On the weekend where the Misano World Circuit was formally renamed in honour of Marco Simoncelli, the World Superbike championship gave us the kind of racing of which Simoncelli would be proud; close, aggressive and with just a hint of over-exuberance.
Rain threw qualifying into disarray and made for a mixed-up grid formation, with top riders missing out on front-row places. Temperatures played potential havoc with tyre choice as riders were made to give serious consideration to tyre choices and strategy. Poor qualifying from the front-running ex-MotoGP contingent also gave the first laps of both Superbike races a sense of urgency not normally seen, and hot tempers would push the envelope of risk-taking.
“Like a little mouse, we try to climb the mountain.” - Max Biaggi
Of the three ex-MotoGP riders, one would leave the weekend on a high while the other two would have wished for a different weekend. At the halfway mark of the championship, Max Biaggi has a clear lead. Before Misano, his championship lead was hanging by a thread. He needed a change of fortune and Saturday's qualifying didn't give any indication that this was on the cards, but Il Corsaro, Italy's Dick Dastardly, the Jolly Roger, Max Biaggi made intelligent tyre choices and, unlike his usual style, forced through to the front pack fairly quickly in race one and, as if his confidence were resurgent, very quickly in race two. Biaggi has more race wins than any other rider this year, apart from Carlos Checa.
Checa could have had almost as fairy-tale a weekend as Biaggi if it weren't for Marco Melandri trying too hard in race two and, as Checa noted, not as carefully as he normally would, punting Checa at the scenery. Checa seemed to have both the tyre and the desire for a second podium, but instead, he leaves Misano still in 5th place.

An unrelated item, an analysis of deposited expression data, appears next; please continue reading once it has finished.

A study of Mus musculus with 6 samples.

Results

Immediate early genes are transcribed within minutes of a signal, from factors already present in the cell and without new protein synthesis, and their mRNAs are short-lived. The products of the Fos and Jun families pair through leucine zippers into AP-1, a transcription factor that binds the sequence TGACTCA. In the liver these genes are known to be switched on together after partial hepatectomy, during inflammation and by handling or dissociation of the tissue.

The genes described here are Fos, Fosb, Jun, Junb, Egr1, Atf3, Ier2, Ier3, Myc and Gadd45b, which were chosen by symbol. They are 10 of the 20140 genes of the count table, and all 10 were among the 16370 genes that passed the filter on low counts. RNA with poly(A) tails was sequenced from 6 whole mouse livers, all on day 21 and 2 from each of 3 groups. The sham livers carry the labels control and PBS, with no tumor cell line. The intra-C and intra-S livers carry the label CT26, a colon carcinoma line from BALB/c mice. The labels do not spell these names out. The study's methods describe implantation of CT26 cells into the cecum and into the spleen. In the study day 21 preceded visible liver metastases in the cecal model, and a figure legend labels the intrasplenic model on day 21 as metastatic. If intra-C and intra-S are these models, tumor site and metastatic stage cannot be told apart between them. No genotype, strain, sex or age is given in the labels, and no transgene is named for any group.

Marco Melandri was in quite a few on-track battles, most notably the one that cost Checa adhesion, but he met his match in aggression and determination in race two with Ayrton Badovini. The pair swapped places on a track with only one fast line and managed to both stay on. Melandri seemed to be trying a little too hard in places, probably trying to make up for his poor qualifying and late DNF in the first race. From second in the championship to fourth in one weekend shows just how close it is at the top.
Jonathan Rea did his title chances no end of good this weekend, shuffling off memories of last year's crash that ended his 2011 season. A fifth in race one on a rapidly dying tyre and a hard-fought second in race two, with Leon Haslam waiting for a mistake that never came, he leaves Misano second in the title chase.
A surprising package, and another rider that seemed to be more aggressive than usual, was Davide Giugliano who qualified very well and raced even better, even though he rode just a little too hard in the second race and DNFed out of third place, pushing the front five laps in. With two excellent results this year, and far too many DNFs, it's clear that he is a talent that just needs to learn to stop crashing; an easier prospect than learning how to go faster.
While Tom Sykes just keeps qualifying well, his Kawasaki is terrifying to its tyres. Hampered by his only win this season being a half-points wet win, if Sykes wants to get more than a cupboard full of Tissot watches, his team, Tom included, needs to learn how to make the tyres stay sticky for a whole race. When that happens, though, Sykes is capable of wins.
With Ayrton Badovini and Michel Fabrizio benefitting from the advances BMW are making, we should see more of their blue and yellow bikes near the front, unlike the Suzukis of Leon Camier and John Hopkins who continue to have terrible weekends. Camier showed that he had the pace in qualifying, but didn't have the bike to get anywhere near the front, and with Chaz Davies appearing to have turned a corner in developing his Aprilia, his 12th place in the championship is at serious risk.
The Effenbert Ducatis were unremarkable too, for once. Sylvain Guintoli crashed in Superpole and race two, Jakub Smrz could only manage a brace of 9th place finishes.
Eugene Laverty, a contender last year, has had another weekend of only one finish, only this time he left with nine points to his team mate's 50.
When we look back at the 2012 season, rain and all, I would not be surprised if we were able to pinpoint this weekend as the deciding round of the championship, but, as has been shown so often, racers will always try their best to make us, and our predictions, look daft. Three weeks until Aragon, and I'm not making any predictions yet.
In World Supersport, with Sam Lowes and Fabien Foret giving Kenan Sofuoglu and Jules Cluzel breathing room at the sharp end, this is too soon to call yet, but Turkey's Sofuoglu is a hard man to bet against.